Overview

Conan the Cimmerian #1


Credits

  • Words: Timothy Truman
  • Art: Tomas Giorello & Richard Corben
  • Inks: N/A
  • Colors: Jose Villarrubia
  • Story Title: Hunter's Moon
  • Publisher: Dark Horse Comics
  • Price: $2.99
  • Release Date: Jul 16, 2008

Tales from the second phase of the life of Robert E. Howard's greatest creation begin in Dark Horse Comics' Conan the Cimmerian #1.

The next chapter in the timeline of Conan adventures concerns his return to Cimmeria after years of wandering. Marking the transition, the initial Conan series ended at issue #50, and Conan the Cimmerian picks up the new adventures. Conan quickly finds battle upon his return in the form of Hoenig Red Hand and his band of Vanir raiders. The brigands flee, as an old stranger appears and tends to a wounded Conan. This stranger, it turns out, knows some tales of Conan's grandfather Connacht, and the second half of the issue deals with our barbarian hero's ancestor in Cimmeria's past. Like his grandson, Connacht had a penchant for finding trouble, as he rescues two children slated for sacrifice by some cultists. The children harbor some secrets of their own, and may not be as innocent as they seem.

Timothy Truman returns to pen the adventures of Conan the Cimmerian and begins the series strong with past and present mysteries. The longevity of the Conan character and his many adaptations in a myriad of mediums owes a great deal to the visceral simplicity of the character. The other defining characteristic of the Conan franchise is the richness of complexity, detail and outright oddity of the landscape of the Hyborian age and its denizens. It exists in pre-history, with cultures invented by Howard but borrowing from many ancient societies including Viking, Roman, Celtic and others. Truman's tale of Connacht is shaped from vaguely Druidic influences.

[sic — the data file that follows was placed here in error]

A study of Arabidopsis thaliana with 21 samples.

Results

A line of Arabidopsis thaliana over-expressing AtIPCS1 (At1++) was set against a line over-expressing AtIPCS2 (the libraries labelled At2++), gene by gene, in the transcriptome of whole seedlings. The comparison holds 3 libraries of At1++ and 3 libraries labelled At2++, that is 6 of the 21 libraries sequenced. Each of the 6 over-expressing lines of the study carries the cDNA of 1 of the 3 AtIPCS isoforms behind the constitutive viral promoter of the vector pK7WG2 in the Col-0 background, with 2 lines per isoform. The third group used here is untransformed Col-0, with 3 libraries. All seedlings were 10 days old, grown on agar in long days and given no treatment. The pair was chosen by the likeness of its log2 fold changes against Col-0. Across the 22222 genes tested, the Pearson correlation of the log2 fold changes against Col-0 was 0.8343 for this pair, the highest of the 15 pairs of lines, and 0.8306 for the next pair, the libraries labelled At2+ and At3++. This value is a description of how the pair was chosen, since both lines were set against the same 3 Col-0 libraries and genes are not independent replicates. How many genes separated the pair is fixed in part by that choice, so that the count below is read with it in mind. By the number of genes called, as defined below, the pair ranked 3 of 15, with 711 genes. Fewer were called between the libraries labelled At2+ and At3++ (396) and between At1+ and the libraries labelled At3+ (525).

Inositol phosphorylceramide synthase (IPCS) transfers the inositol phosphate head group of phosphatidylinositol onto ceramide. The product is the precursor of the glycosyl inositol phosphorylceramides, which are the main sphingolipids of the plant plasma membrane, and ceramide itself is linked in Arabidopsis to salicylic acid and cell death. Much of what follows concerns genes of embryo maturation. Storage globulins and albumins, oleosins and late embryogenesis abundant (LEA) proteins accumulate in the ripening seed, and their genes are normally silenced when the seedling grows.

Tomas Giorello and Richard Corben split the art duties, with Giorello on the "present" sequences, and Corben on the flashbacks. Their styles are very different, but equally appropriate to the material. It cannot be easy following Cary Nord's work on Conan, but artistically the title hasn't missed a beat. It doesn't hurt to have Jose Villarrubia doing the color work, and his painterly quality work enhances the world that is Cimmeria, described by Robert E. Howard as "a gloomy land that seemed to hold / All winds and clouds and dreams that shun the sun."

The alternate cover features the first published Conan work by the legendary Joe Kubert, a fact that surprised me given the storied history of both the character and the illustrator.

I always liked the Marvel Conan series or Savage Sword of Conan because I could get a quick fix of pure escapism with little moral ambiguity and at least one brawl or swordfight. Dark Horse's Conan ups the ante with their production value, and commitment to keeping the product in print.